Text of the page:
W.E.B. DuBois joined the socialist party in 1911, only to resign in 1912 to support Woodrow Wilson’s presidential candidacy. He also felt that socialists’ racist attitudes kept them from adequately addressing what he called the Negro Problem, or the future status of African-Americans living in the United States. Dubois delivered this speech to a group of Harlem socialists in January 1913.
According to DuBois, the Negro Problem is causing socialists quite a dilemma in the U.S. Because White men have left African-Americans out of capitalism, they will also try to leave them out of socialism. Socialists are willing to let Black men be excluded because they refuse to admit the equality of Black men to White men. They argue that the Negro Problem should be dealt with after socialism happens.
Dubois finds flaws in the socialists’ argument. Socialism cannot ignore the needs of ten million people and still be considered socialism. Besides, if socialism would clear up the problems caused by racism, the socialist movement should deal with racism outright as part of its agenda. Socialism by definition is supposed to help the majority of laborers overturn their oppressors, and most socialist agree that socialism can still happen if laborers comprise a minority of the population.
What is really happening is that socialists are working toward wealth redistribution among White men. They assume that the White men will redistribute their wealth again to include the African-Americans when the goals of socialism have been achieved. History gives us a clear indication that this scenario would never happen.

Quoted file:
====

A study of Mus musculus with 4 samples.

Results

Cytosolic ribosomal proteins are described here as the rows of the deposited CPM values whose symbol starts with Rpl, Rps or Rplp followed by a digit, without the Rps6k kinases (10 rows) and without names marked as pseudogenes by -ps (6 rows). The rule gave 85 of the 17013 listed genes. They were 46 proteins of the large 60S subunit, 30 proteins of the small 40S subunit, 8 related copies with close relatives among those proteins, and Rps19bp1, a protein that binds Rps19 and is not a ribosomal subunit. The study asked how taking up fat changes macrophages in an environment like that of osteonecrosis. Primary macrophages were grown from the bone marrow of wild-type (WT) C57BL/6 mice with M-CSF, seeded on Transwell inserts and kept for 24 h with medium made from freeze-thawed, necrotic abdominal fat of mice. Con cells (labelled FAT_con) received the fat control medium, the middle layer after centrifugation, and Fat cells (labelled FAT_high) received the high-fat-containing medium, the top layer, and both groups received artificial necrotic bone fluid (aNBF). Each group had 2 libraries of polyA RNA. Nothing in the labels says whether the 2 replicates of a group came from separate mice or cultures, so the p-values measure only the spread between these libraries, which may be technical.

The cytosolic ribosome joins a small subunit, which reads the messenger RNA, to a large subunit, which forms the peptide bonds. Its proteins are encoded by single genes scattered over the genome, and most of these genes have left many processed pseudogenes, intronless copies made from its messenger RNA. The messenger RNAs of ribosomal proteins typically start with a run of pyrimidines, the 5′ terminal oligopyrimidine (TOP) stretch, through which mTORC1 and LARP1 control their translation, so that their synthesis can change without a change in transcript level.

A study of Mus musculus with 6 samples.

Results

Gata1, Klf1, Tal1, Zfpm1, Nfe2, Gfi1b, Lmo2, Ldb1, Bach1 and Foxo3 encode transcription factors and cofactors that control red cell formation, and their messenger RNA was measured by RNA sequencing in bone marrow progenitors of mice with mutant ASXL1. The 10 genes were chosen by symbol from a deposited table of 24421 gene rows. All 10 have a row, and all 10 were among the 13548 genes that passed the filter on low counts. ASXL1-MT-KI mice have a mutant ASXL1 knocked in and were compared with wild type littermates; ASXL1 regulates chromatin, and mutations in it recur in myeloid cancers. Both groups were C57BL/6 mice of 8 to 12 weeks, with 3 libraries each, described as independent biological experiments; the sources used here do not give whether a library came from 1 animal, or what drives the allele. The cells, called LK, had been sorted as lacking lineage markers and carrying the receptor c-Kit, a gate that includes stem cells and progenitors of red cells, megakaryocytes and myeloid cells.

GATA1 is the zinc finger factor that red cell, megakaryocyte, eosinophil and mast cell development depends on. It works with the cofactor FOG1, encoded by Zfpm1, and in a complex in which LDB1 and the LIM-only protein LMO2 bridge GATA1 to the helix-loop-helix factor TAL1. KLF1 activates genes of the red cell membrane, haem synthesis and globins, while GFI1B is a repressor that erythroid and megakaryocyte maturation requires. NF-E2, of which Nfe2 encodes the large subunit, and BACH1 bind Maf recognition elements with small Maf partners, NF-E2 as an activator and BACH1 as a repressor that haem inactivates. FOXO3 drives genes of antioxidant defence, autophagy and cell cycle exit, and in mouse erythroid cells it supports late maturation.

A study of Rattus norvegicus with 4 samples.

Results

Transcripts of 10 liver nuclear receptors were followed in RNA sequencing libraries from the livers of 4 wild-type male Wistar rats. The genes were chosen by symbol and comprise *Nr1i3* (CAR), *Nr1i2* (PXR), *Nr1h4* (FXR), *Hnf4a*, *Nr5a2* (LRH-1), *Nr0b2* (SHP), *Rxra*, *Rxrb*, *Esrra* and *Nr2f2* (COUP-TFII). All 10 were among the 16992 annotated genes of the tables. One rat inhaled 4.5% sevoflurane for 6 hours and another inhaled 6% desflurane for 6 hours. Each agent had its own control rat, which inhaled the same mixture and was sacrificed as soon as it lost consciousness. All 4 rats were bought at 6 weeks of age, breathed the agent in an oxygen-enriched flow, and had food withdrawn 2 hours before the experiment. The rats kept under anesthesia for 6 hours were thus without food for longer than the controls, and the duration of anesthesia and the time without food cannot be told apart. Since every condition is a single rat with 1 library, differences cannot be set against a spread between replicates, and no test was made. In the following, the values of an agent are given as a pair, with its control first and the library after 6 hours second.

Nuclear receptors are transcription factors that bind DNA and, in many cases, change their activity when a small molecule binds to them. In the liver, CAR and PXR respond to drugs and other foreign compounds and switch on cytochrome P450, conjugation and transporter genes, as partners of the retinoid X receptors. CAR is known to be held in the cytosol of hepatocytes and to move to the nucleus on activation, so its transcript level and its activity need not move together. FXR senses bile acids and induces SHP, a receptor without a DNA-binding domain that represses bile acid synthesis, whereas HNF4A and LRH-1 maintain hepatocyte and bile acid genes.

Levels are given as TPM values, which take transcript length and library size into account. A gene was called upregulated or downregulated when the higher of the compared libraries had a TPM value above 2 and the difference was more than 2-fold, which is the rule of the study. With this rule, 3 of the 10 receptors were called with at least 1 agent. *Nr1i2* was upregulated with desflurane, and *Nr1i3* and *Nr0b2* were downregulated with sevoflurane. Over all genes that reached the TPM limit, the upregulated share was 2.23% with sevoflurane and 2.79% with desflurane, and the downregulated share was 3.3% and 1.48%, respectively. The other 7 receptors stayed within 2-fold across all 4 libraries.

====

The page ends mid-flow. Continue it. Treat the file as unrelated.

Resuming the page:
The core belief of socialism is that no one class is exploited or left out of receiving their fair share of profits. Unfortunately, the socialists in the U.S. are attempting to establish socialism by leaving out African-Americans.
Because African-Americans make up one tenth of the population, or one fifth if the popular determinants are used (the one drop rule), socialism needs African-American support if it is ever to become a reality. Not only can twenty percent of the population not support the rest with its labor, but African-Americans are also getting savvier every day.
Socialism dirties itself and its ideals by fighting to keep a group of people oppressed. The true test of the validity of socialism will come in seeing how it addresses the Negro Problem. In the South, left-wing radicals are attracting racist followers and creating racist agendas. If American socialism excludes African-Americans from its platform, those left-wing radicals from the South can be convinced to join. If socialism sticks up for Black rights, it will surely lose potential support.
To conclude, Dubois re-emphasizes that socialism without including the ten million African-Americans living in the U.S. under deplorably racist laws cannot produce true socialism.